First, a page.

Wyndham's Q3 2017 takes natural disasters in stride, reports positive results

The Wyndham Grand Rio in Puerto Rico remains damaged due to the Hurricane Maria, with many of its rooms reserved for recovery efforts.

With hurricanes, earthquakes and wildfires striking North America and Caribbean over the past two months, hotel companies were finding it tough to stay optimistic as they approached their third-quarter 2017 earnings calls. However, Wyndham Worldwide revealed that despite a rocky end to the quarter, the company managed to report $1.6 billion in revenues for this past quarter, a 4-percent increase year-over-year, placing the company’s performance in line with its previous expectations.

Wyndham Worldwide’s net income for Q3 2017 was $203 million, which compared favorably with the $196 million reported in the same period last year. However, despite this positive performance, Stephen Holmes, chairman and CEO of Wyndham Worldwide, said during the earnings call that natural disasters, primarily hurricanes Maria and Harvey, reduced revenues by $13 million and net income by $6 million. This is primarily due to the closure of vacation-ownership sales centers located in the Caribbean and Florida, as well as the closure of several portions of the Wyndham Rio Mar hotel in Puerto Rico.

Currently, two of the company’s vacation-ownership sales centers in the Caribbean remain closed. David Wyshner, EVP and CFO at Wyndham Worldwide, estimated the company lost a total of 5,000 tours during Q3 as a result of the storms, something he expects will continue to negatively impact operations in Q4 2017.


The Spinoff

On the topic of vacation ownership, Holmes said Wyndham’s previously announced spinoff of Wyndham Vacation Ownership is also progressing, and is on track for completion in Q2 2018. By that time, Wyndham Hotel Group will become a pure-play hotel company while Wyndham Vacation Ownership will become a publicly traded timeshare company, and will be combined with Wyndham Destination Network, owner of timeshare company RCI. However, Holmes said it will still be several months until the company has anything more definitive to say about the separation.

“We are confident that the spinoff that will leave Wyndham Vacation Ownership and RCI under one umbrella will unlock shareholder value and increase growth opportunities,” Holmes said. “The separation will allow each company to grow its core business and facilitate capital growth.”

Wyndham’s hotel unit generated $368 million in revenue during Q3 2017, a slight increase from $364 million from the previous year. The results were sourced to a 9-percent increase in royalties and franchise fees, as well as growth in the Wyndham Rewards credit card program. Third-quarter domestic revenue per available room increased 2.3 percent over the same period in 2016.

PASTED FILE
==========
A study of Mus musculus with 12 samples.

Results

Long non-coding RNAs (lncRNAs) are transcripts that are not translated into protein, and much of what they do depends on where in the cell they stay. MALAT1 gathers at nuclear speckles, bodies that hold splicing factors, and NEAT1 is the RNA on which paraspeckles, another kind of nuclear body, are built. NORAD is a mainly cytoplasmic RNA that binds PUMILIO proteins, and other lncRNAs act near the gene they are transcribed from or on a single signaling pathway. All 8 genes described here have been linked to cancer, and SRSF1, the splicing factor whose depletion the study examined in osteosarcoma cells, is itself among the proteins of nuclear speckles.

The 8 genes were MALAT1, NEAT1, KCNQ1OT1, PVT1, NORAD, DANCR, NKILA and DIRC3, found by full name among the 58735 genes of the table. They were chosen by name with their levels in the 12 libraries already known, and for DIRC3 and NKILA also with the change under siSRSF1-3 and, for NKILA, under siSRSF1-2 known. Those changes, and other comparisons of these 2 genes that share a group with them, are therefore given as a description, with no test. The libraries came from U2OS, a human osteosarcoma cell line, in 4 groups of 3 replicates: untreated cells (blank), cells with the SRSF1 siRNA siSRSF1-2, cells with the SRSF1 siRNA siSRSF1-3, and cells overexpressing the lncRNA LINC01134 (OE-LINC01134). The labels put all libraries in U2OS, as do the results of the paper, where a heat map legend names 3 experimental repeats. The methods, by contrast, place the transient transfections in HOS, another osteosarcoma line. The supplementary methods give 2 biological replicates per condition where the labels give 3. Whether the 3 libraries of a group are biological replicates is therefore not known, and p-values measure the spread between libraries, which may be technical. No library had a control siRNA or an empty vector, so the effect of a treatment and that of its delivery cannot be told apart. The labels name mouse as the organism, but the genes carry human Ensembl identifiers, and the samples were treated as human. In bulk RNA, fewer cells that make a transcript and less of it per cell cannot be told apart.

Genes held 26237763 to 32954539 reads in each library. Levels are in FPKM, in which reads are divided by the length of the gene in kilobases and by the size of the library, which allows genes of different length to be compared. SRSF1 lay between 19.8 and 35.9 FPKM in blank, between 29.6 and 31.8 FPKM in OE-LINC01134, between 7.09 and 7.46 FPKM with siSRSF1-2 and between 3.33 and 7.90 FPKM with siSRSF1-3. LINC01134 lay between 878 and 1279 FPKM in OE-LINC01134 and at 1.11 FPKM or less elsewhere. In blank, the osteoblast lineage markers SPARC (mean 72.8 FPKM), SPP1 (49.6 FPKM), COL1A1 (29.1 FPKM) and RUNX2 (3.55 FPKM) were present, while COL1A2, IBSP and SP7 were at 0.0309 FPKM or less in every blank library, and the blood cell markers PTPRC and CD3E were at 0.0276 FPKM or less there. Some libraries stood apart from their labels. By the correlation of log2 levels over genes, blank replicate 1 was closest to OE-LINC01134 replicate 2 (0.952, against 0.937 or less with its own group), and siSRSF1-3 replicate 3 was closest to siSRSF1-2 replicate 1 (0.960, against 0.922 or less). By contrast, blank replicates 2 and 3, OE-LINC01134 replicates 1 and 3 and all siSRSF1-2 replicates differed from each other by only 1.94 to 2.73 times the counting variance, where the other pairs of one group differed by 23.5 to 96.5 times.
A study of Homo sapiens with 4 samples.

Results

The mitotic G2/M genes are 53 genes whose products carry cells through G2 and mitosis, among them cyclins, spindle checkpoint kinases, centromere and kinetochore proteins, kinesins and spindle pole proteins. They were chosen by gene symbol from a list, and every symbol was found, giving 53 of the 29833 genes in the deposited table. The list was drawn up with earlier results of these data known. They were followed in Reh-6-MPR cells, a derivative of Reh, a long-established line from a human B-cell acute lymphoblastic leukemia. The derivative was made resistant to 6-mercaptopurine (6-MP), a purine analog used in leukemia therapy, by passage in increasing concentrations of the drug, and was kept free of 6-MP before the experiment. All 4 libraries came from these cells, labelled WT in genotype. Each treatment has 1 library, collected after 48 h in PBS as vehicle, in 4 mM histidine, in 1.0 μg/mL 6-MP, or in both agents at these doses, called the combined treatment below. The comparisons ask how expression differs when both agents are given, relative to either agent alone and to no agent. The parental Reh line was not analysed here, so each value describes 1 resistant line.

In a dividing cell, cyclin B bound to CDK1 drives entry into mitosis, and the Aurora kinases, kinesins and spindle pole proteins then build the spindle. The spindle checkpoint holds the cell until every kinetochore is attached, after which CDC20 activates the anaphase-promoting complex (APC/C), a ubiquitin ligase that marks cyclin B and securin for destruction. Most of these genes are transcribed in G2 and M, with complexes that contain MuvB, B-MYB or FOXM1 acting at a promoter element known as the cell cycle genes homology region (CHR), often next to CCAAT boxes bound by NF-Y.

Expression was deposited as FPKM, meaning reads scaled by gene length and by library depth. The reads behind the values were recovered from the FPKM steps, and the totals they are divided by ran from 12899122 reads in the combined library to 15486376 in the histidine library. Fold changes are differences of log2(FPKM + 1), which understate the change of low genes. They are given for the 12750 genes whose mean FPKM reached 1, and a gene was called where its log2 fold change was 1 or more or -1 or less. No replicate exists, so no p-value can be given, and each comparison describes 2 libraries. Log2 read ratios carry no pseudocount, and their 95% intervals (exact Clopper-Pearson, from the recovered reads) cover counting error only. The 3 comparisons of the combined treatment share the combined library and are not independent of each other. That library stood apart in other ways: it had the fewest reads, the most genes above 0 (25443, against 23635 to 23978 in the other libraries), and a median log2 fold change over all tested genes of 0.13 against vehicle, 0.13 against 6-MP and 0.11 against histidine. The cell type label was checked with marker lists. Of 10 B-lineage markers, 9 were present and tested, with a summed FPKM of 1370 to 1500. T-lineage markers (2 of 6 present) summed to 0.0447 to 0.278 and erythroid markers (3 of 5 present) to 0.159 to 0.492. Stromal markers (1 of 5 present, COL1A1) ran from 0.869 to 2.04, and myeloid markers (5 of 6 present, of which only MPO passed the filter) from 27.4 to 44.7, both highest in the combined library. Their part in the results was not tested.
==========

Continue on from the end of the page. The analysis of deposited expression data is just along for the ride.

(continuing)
As of Sept. 30, 2017, Wyndham Hotel Group’s portfolio consisted of more than 8,100 properties and more than 708,500 rooms, up 3 percent over Q3 2016. The company’s development pipeline is also at 1,190 hotels, up 10 percent year-over-year, 57 percent of which are international and 68 percent are new construction. Wyndham’s portfolio was also bolstered by its acquisition of AmericInn, which added 200 hotels and approximately 11,600 rooms across 21 states.

“Our recent acquisition of AmericInn, which we closed this month, speaks to this runway [of development] as we expand our base in the midscale segment,” Geoff Ballotti, president and CEO of Wyndham Hotel Group, said during the call. “We have also removed over 80,000 substandard domestic rooms from our system over the past three years, and our domestic pipeline is up 30 percent over the past three years.”

Wyndham's acquisition of AmericInn, which closed this month, added 200 hotels to its portfolio.

Revised Projections

Wyndham Destination Network revenues were up $511 million in Q3 2017, compared with $486 million in Q3 2016, or an increase of 5 percent. Vacation rental revenues were $327 million compared with $304 million the previous year. Meanwhile, vacation-ownership revenues were up to $773 million last quarter, compared to $744 million in Q3 2016—an increase of 4 percent. Tour flow was also up 7 percent, which was driven by increased tours to new owners, while volume per guest declined 1 percent. This decline was sourced to a 16-percent increase in sales in North America to new owners, which produce an overall lower volume per guest. 

“Vacation-ownership tour flow has been disrupted for Q3… and we are working to mitigate the financial impact of these [natural disasters], but we anticipate a negative impact of $20 [million] to $30 million,” Wyshner said. “As a result, we are reducing our full-year revenue projections to $5.8 billion [to] $5.85 billion, and adjusted net income of $618 million to $628 million.”

Michael Brown, president and CEO of Wyndham Vacation Ownership, said the organization remains attractive to customers because travelers enjoy the value proposition behind vacation ownership, and said growing new owners is the “lifeblood of our business.”

“We are deeply committed to growing new owners, and working with the hotel group to grow that segment of the business.”

Overall, the company was able to withstand the brunt of this past quarters’ natural disasters while acknowledging losses in affected areas.

"Despite the weather-related challenges in the quarter, we generated a strong increase in new timeshare owners and year-over-year growth in our earnings per share. We have also strengthened our presence in the midscale hotel segment with the addition of the AmericInn brand and its 200 franchised hotels in October,” Holmes said in a prepared statement during the call. “Furthermore, we have increased our share repurchase authorization to reflect our continued focus on returning cash to shareholders, and we are working tirelessly to execute our previously announced separation into two publicly traded companies.”